Evie, a second year UCL English student, shares her advice on how to make time for leisure reading whilst studying.
With students knee-deep in assessments, essays and exams, many confess it can be difficult to find time to read. Reading is a dear hobby for many of us: it allows us to escape from the realm of university responsibilities and enter the world of whichever fictional creation we are engaging with.
Read whilst you are travelling or on the move
I’ve been commuting most days from my London flat to use one of the many UCL libraries for a change of scenery and a boost of productivity. I’ve been surprised by how much reading I can fit into my tube journeys. Using your commute into campus is a great way to increase your daily reading hours and get through books more quickly during this busy time.
Have multiple books on the go
It’s important to ensure that reading remains an enjoyable and relaxing activity, as during stressful periods it can often feel like a chore. Reading multiple books at once means you can choose your read depending on your mood. I usually read one work of fiction and one non-fiction book at the same time, and this allows me to read for different purposes: I love reading fiction to discover new characters, worlds and stories, but I equally adore non-fiction such as biographies and collections of essays or speeches, as ways of enhancing my day-to-day learning and knowledge of contemporary issues.
Read what you enjoy
Thinking in retrospect, it took me quite a while to discover what kind of books I really loved to read. The first year of my English Literature degree at UCL introduced me to an incredibly wide range of literature, from Greek epics to contemporary works of literary fiction, and at times it was overwhelming. But now, having just finished the end of my second year, I’m starting to consolidate a sense of what my literary passions are. Even as someone who reads daily as part of my degree, this process of self-definition as a reader has been slow, and one which is still ongoing. So read widely and challenge yourself with what you read. Exposing yourself to as many writers, styles and stories will make you a more well-rounded, informed and confident reader.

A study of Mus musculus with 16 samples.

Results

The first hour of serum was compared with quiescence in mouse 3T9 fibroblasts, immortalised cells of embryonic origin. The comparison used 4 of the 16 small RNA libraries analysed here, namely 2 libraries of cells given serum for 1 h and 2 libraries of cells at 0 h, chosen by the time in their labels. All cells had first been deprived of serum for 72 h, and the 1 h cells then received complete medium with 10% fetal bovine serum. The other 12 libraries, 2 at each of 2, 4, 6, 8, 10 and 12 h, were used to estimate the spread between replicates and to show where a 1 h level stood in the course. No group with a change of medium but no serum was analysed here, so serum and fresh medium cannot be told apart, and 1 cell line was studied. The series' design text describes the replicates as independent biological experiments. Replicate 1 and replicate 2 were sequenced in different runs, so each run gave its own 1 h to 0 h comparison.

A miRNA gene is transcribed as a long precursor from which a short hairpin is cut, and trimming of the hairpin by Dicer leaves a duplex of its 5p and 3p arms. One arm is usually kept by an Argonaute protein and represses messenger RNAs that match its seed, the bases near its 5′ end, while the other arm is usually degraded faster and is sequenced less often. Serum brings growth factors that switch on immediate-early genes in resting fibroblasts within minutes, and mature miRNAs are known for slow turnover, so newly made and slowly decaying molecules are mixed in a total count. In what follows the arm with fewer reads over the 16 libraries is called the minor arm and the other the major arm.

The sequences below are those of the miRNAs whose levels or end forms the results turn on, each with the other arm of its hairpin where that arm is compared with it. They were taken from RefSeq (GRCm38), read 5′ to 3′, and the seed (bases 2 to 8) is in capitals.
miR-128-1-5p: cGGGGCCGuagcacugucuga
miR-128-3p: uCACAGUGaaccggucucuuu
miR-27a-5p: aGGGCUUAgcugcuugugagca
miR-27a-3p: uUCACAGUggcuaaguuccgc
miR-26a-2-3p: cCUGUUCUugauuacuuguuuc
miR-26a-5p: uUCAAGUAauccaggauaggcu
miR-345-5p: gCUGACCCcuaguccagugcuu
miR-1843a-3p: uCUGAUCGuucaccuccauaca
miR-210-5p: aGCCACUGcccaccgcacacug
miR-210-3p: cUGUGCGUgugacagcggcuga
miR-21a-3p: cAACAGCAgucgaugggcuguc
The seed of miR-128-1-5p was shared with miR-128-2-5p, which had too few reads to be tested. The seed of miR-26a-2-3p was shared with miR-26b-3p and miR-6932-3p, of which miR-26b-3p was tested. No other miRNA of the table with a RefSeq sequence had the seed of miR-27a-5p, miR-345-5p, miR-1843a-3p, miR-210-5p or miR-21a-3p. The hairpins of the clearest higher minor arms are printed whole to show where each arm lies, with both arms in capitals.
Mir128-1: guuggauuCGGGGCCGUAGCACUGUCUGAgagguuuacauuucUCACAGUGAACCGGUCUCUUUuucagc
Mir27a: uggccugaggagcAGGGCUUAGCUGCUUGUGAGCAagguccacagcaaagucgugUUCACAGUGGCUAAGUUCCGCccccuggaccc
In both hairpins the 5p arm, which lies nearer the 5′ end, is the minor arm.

Decrease your screen time, increase your reading time
It’s no secret that Millennial and Gen-Z youngsters have become hooked to their screens, and I myself am guilty of spending far too much time glued to my MacBook. But swapping out that daily screen-time for a book is easier than you think. Perhaps you use your phone before you go to bed, or when you first wake up in the morning. So, instead, pick up a book: you could get your brain working and analytical mindset started in the morning by reading something non-fiction, or you could switch off from your busy day of revision to immerse yourself in the world of the novel you currently have on the go.
Little and often
Many people have a long list of books they would like to read, but reading can feel overwhelming as a student, like a hill that seems far too difficult to climb. The main solution to this challenge is little and often. You don’t have to read all day, every day, to make your way through the books you want to. Dedicating 20-30 minutes every day solely to picking up your book can make the world of difference in helping you to hit your bookish goals.
As many of us near the end of our exam period and look forward to a few months of normality during our summer break from university, it’s a great time to start thinking about what you want to read over the summer, and the kind of reading goals you’d like to set (reading Leo Tolstoy’s War and Peace is the main contender for me!). The sheer power, beauty and mastery of books never ceases to amaze me, and I’m certain in my belief that reading makes us who we are. As I’ve started to rest and recharge now that my exams are over, I’m really rediscovering my love for reading not just for analysis and study, but for fun. I hope that the summer break encourages you to discover or reignite that same love.